By Prof. Dr. Hong Xue*
In China’s New Normal Economy, the Internet and e-commerce are the new
powerhouse of economic development. A sound legal and regulatory environment is essential for sustainable development of e-commerce. On August 31, 2018, the National People’s Congress officially approved and enacted the Electronic Commerce Law of the People’s Republic of China (hereafter “E-Commerce Law”) after 5-year intensive lawmaking process, 4 reviews at the National People’s Congress Standing Committee and 3 public consultations.
The Law has 89 provisions and 7 chapters, i.e.
- — General Provisions,
- — E-Commerce Operators,
- — Formation and Performance of E-Commerce Contracts,
- — Settlement of E-Commerce Disputes,
- — Promotion of E-Commerce,
- — Legal Liability, and
- — Supplementary Provisions.
The E-Commerce Law is an important milestone in the Chinese legal system and lays down the legal foundation for the growth of digital economy. It is outstanding and unique in a couple of aspects.
Firstly, it is considerably comprehensive, covering a variety of legal subjects and legal issues relevant to e-commerce. Unlike many countries’ e-commerce law, the Law does not limit to legalize electronic transactions, per se, but creates an enabling legal environment for e-commerce through regulating a couple of related critical legal issues, such as e-payment, logistics and express delivery, market competition, consumer protection, online dispute resolution, cross-border e-commerce, intellectual property and governmental supervision and regulation. The comprehensive E-Commerce Law does not constrain to any specific legal subjects but contains the relevant legal norms from both civil and commercial law and administrative, financial and other laws. The comprehensiveness of the Law aims to meet the need of complicated legal demands of e-commerce. The comprehensive structure will become a unique existence in China legal system.
Secondly, the E-Commerce Law creates a coherent, robust and vibrant legal eco-system. Despite its comprehensiveness, the Law does not attempt to be a lengthy collection of a cluster of laws. Instead, the Law sets out the clear and fundamental legal principles to enable the further legal developments, particularly in those essential areas, e.g. e-payment, logistics and express delivery and online dispute resolution, where no specific law is currently available. Meanwhile, the Law effectively coordinates with the preexisting laws, such as Contract Law, Electronic Signature Law, General Rules of the Civil Law, Consumer Protection Law and intellectual property laws. Through creating enabling legal soil for future lawmaking and interoperable interface with the existing laws, the Law will organically fit into the Chinese legal system.
Thirdly, the E-Commerce Law provides many innovative legal norms to reflect the needs of e-commerce. Its innovation reflects in three types of norms: a) complementary norms to fill in legal gaps among the existing laws; b) reformative norms to update the existing laws; and, c) creative norms to enable brand new laws, for example, the Law legalizes the automated online transactions and legal status, responsibilities and liabilities of e-commerce platforms.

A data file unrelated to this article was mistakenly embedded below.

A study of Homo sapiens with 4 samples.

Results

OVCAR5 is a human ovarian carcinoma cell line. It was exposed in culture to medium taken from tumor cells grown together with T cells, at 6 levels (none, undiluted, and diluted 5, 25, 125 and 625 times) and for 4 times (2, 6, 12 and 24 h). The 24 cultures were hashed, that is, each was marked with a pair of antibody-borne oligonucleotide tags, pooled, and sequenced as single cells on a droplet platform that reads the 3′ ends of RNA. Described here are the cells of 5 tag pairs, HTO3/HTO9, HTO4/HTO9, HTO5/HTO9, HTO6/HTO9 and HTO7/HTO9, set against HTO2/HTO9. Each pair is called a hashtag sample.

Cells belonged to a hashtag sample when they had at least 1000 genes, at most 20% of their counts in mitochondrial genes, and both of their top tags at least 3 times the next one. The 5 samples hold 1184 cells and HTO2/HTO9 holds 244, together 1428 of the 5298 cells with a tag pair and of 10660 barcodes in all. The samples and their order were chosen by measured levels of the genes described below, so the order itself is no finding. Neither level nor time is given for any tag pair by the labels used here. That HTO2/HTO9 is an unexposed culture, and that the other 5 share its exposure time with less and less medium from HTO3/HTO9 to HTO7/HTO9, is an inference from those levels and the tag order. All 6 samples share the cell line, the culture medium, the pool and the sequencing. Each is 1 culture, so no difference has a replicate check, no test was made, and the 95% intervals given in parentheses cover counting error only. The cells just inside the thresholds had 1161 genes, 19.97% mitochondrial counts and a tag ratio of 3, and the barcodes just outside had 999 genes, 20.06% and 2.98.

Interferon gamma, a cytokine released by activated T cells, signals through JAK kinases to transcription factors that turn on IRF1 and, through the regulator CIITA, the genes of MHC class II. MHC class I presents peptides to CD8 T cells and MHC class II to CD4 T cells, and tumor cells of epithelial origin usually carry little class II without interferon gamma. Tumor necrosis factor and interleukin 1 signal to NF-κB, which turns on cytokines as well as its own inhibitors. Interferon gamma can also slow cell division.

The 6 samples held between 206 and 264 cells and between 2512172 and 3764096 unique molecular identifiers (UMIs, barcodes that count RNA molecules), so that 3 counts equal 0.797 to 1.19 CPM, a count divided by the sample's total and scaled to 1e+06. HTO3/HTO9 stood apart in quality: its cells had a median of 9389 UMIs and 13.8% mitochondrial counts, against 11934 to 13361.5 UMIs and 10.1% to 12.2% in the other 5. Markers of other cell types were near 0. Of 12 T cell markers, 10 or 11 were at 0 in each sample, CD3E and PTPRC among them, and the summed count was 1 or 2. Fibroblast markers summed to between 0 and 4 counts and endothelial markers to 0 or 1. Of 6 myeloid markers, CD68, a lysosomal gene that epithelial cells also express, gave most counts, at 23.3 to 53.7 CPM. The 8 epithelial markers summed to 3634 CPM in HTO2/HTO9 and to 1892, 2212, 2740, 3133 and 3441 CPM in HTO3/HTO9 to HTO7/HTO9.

Last but not the least, the E-Commerce Law recognizes that e-commerce be an essential part of international trade. It’s noteworthy that the international legal experts from the United Nations Commission on International Trade Law (UNCITRAL), United States, European Union, Germany, Singapore, Japan, etc., were invited to comment on the structure and substance of the Law at the two international seminars held in Beijing and Shanghai in November 2014 and June 2016 respectively.
Although the Law will be applied to the e-commerce activities within the territory of China, it may have international impact, particularly in the following circumstances: a) the Law will apply to the e-commerce activities of an establishment of an e-commerce operator in China, regardless of whether it is a foreign investment enterprise or not; b) the Law will apply to an e-commerce operator not established in China but offering of goods or services or providing e-commerce platform services to consumers in China; c) the Law will apply to an e-commerce operator not established in China but in a place where Chinese law applies by virtue of public international law such as multilateral or bilateral agreement. The Law may also be applied to other cross-border e-commerce based on the transactional rules provided by the e-commerce platforms or choices of the transactional parties.
The E-Commerce Law set outs a comprehensive and fundamental legal framework for e-commerce under the principles of stimulation of development, protection of the legitimate rights and interests, regulation of market acts and safeguard of market order. The Law that contains comprehensive, robust, innovative and internationalized legal norms will ensure a new era of development of Chinese e-commerce.
* Prof. Dr. Hong Xue is the Director of Beijing Normal University (BNU) Institute for Internet Policy & Law, the Co-Director of United Nations Commission on International Trade Law (UNCITRAL) and BNU Joint Certificate Program on International E-Commerce Law, the National E-Commerce Expert appointed by the Chinese Ministry of Commerce, the Chief Expert Advisor to the Chinese National People’s Congress on the E-Commerce Law, the Member of the Advisory Committee of the United Nations Network of Experts for Paperless Trade and Transport in Asia and the Pacific (UNNExT) and the Chair of Legal Panel of UNNExT.